When it comes to marketing, there is always a cost. It will cost you time, or it will cost you money. If you don’t have the time to invest yourself, then the choice is simple—don’t do it, or pay for it.
Think about it … how many emails, conversations or pitches have you had from people in the last week? How much time and energy did you invest in thinking, deciding or acting upon it?
I generally receive at least one interesting pitch per day. The rest are usually caught by my email spam filter, but one or two slip through and catch my attention. In most cases, I simply delete them from my inbox, but sometimes if the subject line is intriguing enough or if I confuse the name of the sender with someone that I know, then I will open and read. Very rarely does it go beyond this, for a very simple reason—priorities.
Here are five things that should take priority over the next, new thing.
- Listen to your customers. With the proliferation of social media and web publishing tools, it’s easier than ever to find out about what your customers think of you, your business, and your products and services. Check out my How to Listen infographic, and then, at a minimum, setup some basic Google Alerts. Also, follow a few blogs related to your industry, even if they are your competitors.
- Track and connect. Sometimes your potential customers come knocking on your door, but sometimes they are just signalling online. If you are not connected to your customers via LinkedIn, Facebook or Twitter, you may be missing opportunities. If you use Gmail, then adding the Rapportive plug-in will let you see their emails in a social context—showing not just the email they sent you but the latest updates they have made online.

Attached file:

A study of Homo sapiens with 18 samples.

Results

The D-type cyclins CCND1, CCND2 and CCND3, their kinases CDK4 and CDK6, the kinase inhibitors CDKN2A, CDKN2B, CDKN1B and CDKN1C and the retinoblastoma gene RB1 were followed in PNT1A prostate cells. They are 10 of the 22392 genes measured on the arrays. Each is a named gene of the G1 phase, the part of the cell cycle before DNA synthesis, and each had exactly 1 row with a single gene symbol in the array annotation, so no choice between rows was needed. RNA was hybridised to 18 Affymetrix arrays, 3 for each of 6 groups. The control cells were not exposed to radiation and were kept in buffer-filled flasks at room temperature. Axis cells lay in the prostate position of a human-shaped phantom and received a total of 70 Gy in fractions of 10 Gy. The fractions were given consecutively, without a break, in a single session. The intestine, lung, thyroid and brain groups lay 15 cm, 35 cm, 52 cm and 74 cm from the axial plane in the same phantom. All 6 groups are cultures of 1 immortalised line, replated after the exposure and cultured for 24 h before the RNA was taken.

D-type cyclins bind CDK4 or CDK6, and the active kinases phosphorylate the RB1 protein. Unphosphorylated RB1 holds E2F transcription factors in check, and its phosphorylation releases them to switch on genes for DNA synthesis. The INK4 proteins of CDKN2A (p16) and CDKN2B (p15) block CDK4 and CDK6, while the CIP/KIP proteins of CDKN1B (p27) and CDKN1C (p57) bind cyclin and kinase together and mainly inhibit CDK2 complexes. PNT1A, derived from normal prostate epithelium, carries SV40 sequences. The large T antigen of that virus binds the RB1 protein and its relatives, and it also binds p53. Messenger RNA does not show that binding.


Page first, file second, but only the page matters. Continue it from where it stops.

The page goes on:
- Own the destination. I’m going to say it—you need your own website. Don’t think that a Facebook page is enough. If you own a business, you need to own your own website, plain and simple. You can get one for close to free using WordPress or sites like Posterous. Do this today if you don’t have your own website.
- Share your story. Every business has a story, and it’s not just about your products. Share your passion with your audience. Explain why you started or got involved with your business. Do it via a blog (see point 3) or via YouTube or Twitter. Take photos and share them, and don’t forget to showcase your team.
- Provide an offer. Remember, you go online to drive offline, so think about how people find you online and why they should visit you offline. Provide an online incentive of some kind—a coupon code that can be redeemed in-store, or a BOGOF (buy one get one free). Remember that your customers are seeking you out online for a reason. Make it easy for them to buy from you.